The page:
Saint Angelina is getting on my nerves. I’ve used this space before to vent my feelings about the emaciated, leg-jutting, holier-than-thou Angelina Jolie, and the latest developments haven’t changed my opinion. “How can you not appreciate her brave decision?” friends ask. “How can you not admire her selfless revelation to the world that she has undergone prophylactic surgery?”
Angelina Jolie had genetic testing that indicated a high likelihood that she would develop cancer. The BRCA 1 gene mutation that she carries increases the likelihood of developing breast cancer to 80 percent and ovarian cancer to 55 percent. It also increases the likelihood of developing fallopian tube and prostate cancers at smaller percentages.
Scary stuff, right? An 80 percent chance of developing breast cancer would send most women to the surgeon, right? Not so fast. What exactly does preventive gene testing offer to the informed patient? For the most part, state and federal laws do not require insurance companies to pay for predictive testing. And while some companies may pay for it, especially if there’s a high instance of breast cancer in family members in their 40s or younger, some companies may not. In addition, while BRCA 1 and 2 are sometimes covered, other cancer-related gene mutations that present in much smaller populations are routinely not covered.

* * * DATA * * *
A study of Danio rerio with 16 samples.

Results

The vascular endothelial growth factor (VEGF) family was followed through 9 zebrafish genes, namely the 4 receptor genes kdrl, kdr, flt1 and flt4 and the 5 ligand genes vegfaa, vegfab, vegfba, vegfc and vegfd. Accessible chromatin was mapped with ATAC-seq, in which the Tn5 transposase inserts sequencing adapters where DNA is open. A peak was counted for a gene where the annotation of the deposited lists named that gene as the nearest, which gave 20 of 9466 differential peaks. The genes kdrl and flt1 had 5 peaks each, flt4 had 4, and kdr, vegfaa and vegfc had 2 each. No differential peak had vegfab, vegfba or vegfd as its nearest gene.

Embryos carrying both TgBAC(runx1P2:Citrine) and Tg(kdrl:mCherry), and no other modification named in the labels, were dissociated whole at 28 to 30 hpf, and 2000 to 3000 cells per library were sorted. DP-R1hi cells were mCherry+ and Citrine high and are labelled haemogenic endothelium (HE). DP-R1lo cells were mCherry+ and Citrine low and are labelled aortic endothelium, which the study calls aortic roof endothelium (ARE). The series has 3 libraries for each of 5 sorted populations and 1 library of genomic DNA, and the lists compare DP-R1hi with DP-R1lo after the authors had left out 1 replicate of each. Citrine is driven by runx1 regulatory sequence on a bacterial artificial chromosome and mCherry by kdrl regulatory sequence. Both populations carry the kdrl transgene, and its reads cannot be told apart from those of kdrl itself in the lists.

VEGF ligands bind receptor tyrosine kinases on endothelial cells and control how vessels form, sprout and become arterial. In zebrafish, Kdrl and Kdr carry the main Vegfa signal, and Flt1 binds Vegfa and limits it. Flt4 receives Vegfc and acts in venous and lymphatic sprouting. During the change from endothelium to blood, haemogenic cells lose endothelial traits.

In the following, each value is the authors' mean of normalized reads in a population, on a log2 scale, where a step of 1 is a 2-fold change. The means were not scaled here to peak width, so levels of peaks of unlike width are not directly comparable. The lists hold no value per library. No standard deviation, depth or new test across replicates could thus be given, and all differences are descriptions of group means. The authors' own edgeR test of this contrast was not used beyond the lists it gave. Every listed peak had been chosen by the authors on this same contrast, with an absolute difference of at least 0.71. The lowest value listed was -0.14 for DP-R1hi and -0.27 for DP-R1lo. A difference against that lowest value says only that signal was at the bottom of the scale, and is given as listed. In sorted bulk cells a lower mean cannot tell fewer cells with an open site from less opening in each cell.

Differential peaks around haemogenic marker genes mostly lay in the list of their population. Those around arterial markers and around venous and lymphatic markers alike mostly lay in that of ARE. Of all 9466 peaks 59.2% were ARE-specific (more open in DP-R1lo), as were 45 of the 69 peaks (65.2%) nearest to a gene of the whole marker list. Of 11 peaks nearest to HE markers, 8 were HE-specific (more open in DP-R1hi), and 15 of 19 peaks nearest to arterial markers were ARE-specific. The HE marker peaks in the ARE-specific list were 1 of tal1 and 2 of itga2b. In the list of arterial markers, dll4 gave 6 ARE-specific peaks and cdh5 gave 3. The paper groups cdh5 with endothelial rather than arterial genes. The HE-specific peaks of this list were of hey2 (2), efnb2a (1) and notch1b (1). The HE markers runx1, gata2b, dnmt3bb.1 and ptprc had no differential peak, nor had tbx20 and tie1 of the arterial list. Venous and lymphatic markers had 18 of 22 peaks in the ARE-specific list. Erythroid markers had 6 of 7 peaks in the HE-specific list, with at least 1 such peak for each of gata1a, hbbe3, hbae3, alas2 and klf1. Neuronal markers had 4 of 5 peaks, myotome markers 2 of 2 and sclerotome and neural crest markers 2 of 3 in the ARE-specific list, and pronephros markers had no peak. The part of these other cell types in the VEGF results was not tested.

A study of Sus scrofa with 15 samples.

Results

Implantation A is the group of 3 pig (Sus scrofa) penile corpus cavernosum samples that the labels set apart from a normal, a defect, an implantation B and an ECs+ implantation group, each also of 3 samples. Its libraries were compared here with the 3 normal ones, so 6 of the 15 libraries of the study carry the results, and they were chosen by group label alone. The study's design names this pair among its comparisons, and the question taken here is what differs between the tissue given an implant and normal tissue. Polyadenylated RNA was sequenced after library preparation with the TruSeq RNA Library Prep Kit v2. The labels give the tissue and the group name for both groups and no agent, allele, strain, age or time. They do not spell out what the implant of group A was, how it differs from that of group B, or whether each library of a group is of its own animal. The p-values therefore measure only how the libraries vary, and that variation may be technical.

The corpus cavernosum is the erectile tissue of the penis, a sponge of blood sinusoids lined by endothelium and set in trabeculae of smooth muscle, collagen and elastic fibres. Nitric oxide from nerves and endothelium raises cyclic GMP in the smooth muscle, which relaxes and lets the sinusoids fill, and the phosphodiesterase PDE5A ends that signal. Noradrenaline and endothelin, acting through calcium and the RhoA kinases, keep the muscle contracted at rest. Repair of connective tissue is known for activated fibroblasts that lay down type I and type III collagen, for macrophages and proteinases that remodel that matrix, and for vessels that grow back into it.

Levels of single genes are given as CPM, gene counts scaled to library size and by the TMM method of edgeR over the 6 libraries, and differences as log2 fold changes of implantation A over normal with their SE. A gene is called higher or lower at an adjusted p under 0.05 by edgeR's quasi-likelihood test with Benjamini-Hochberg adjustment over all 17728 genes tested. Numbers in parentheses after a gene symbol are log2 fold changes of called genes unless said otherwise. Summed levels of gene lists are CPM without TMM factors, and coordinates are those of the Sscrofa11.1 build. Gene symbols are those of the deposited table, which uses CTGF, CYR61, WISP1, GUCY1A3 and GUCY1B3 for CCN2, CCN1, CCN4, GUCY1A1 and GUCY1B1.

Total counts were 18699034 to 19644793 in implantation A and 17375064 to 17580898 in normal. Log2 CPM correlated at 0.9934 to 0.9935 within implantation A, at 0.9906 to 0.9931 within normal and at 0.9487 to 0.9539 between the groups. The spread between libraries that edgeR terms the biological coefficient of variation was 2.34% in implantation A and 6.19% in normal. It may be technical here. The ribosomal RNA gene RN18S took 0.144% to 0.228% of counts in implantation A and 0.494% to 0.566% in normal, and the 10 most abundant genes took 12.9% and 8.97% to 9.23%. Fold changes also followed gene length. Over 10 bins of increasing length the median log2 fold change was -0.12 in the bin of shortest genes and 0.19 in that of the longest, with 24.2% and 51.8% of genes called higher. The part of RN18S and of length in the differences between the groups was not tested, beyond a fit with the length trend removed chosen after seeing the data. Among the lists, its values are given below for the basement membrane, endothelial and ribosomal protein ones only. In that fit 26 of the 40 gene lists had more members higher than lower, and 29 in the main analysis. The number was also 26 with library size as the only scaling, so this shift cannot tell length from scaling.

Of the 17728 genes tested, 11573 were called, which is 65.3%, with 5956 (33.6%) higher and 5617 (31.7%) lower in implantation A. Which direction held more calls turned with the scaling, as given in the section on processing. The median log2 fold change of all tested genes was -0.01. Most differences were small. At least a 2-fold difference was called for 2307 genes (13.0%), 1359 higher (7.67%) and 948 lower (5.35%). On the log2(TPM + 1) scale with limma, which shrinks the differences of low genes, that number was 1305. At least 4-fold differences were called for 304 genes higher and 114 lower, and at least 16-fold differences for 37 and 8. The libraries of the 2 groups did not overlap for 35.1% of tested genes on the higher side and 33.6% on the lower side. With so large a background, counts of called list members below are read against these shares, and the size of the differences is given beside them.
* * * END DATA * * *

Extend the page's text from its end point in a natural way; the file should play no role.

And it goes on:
So let’s say you want to undergo genetic testing and either your insurance company doesn’t cover it or you don’t qualify. Out-of-pocket cost for such testing can run around $3,000. What will the testing tell you? It will tell you if you have an inherited gene mutation that affects your chances of getting several types of cancer. If you have a positive result for an inherited mutation, it means that mutation exists in all of your cells. So while it makes sense, say, to have a double mastectomy prophylactically, the procedure will not affect the cells that may still cause the three additional cancers with which BRCA 1 is associated. To decrease that elevated risk, you would have to remove your tubes, ovaries and prostate. A positive result also indicates that you may develop cancer, not that you will. A negative result, by the way, doesn’t mean you’ll never develop cancer—you just don’t have as high a likelihood as someone whose tests show the presence of BRCA 1.
I don’t come to this discussion without some honest experience. My mother stayed with me for several weeks last month as she recovered from double mastectomy surgery. Cancer was present in one breast. Despite the small likelihood that it would develop in the other, Mom made the decision to have them both removed. And, at her age, the additional time on the table was a deciding factor in not having reconstruction, so she is forever changed physically. Emotionally it takes it’s own measure of recovery, and she’s doing well.
I know what double mastectomy surgery and recovery entails. What I don’t know is what Angelina Jolie thinks she’s done to further women’s health issues or breast cancer research or mastectomy surgery recovery. All she has done, in my opinion, is elevate the concerns of women about a gene mutation that exists in less than five percent to 10 percent of the population and sent them scrambling for expensive gene testing that may or may not tell them a thing. Perhaps Saint Angelina can’t see that she may have done more harm than good.